I had a clipboard in hand and got a chance to speak with Gordon Stewart, a representative of Aldi. Stewart walked me around the store while he explained how it works.
The first difference you notice is that shoppers must pay a quarter to retrieve a chained shopping cart. Once you finish shopping and put the cart back in the chain lock, your quarter is returned. This system is put in place to encourage shoppers to return their carts. This keeps the chain from having to hire people to bring the carts back inside, so it saves on overhead costs.
Aldi also charges for bags. A shopper must pay 6 cents per paper bag and 10 cents per plastic bag. Shoppers can easily avoid this charge by bringing in their own reusable bags or by purchasing reusable bags at the store. Filling the bags is up to the customer – the cashier takes the items off the conveyor and them back into the cart. It is the shopper’s job to bag their groceries once checkout is complete.
Another thing you notice is that Aldi carries mostly store brands. Since there are so few manufacturer brands, Aldi does not accept manufacturer coupons. Two or three times a year, Aldi will offer store coupons such as the $5 off $30 coupon featured in its first weekly circular.
I asked Stewart if he felt that the store labels were comparable to manufacturer brands. He told me that Aldi is so confident in its product quality that it has a “Double Guarantee” policy. If a shopper feels that any store-brand product does not meet expectations or the shopper is not satisfied with the quality of the product for any reason, then Aldi will give the shopper a replacement product and the money back. He said that each product is tested to be as close to the manufacturer brand as possible.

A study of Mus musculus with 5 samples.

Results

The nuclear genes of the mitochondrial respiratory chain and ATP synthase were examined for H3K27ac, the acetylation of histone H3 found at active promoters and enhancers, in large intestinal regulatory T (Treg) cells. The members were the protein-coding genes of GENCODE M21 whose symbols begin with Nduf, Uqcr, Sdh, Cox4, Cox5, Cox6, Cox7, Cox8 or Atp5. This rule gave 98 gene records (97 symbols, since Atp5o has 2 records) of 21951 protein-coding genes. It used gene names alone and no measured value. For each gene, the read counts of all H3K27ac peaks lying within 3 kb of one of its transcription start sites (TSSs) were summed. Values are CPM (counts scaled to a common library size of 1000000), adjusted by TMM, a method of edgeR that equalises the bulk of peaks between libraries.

Stewart encouraged me to price a few products with him. I immediately noticed a familiar brand of baby carrots that I purchase frequently at a 75 percent discount compared to my nearest store’s regular price. He told me that Aldi has a goal to bring the freshest produce and meats to the store and the low overhead makes it possible to pass on the savings. He also told me that Aldi will do price checks weekly to make sure it has the lowest prices in town.
I was very thankful for Stewart’s help and I asked a few patrons what they thought of the place. Most shoppers were excited to see the store come to Augusta. Several had either shopped at the Aldi in Aiken or at stores in other parts of the state and were happy to see one locally.
So, how does a couponer like me fit Aldi into a savings plan? Is couponing still worth it now that there’s a new guy in town? I think Aldi has a place in my shopping routine for anything I need but don’t have coupons for, such as meat, dairy, bread and produce. Getting a store-brand cereal for $1.99 is a great buy for a shopper who doesn’t use coupons, but I picked up cereal last week for only $1.25 so I know I can do better.
For this week I’ve decided to do an experiment. I wanted to know how much a week’s worth of dinners would cost my family if I shopped at Aldi and used its brands. More importantly, would my kids eat it?
I returned home and signed up for an online meal planning service called Emeals. Emeals has a “classic” plan tailored to Aldi’s selections. When I signed up, I received a weekly shopping list and recipes for seven meals. For more information on Emeals, check out my Augusta Coupon Lady page on Facebook.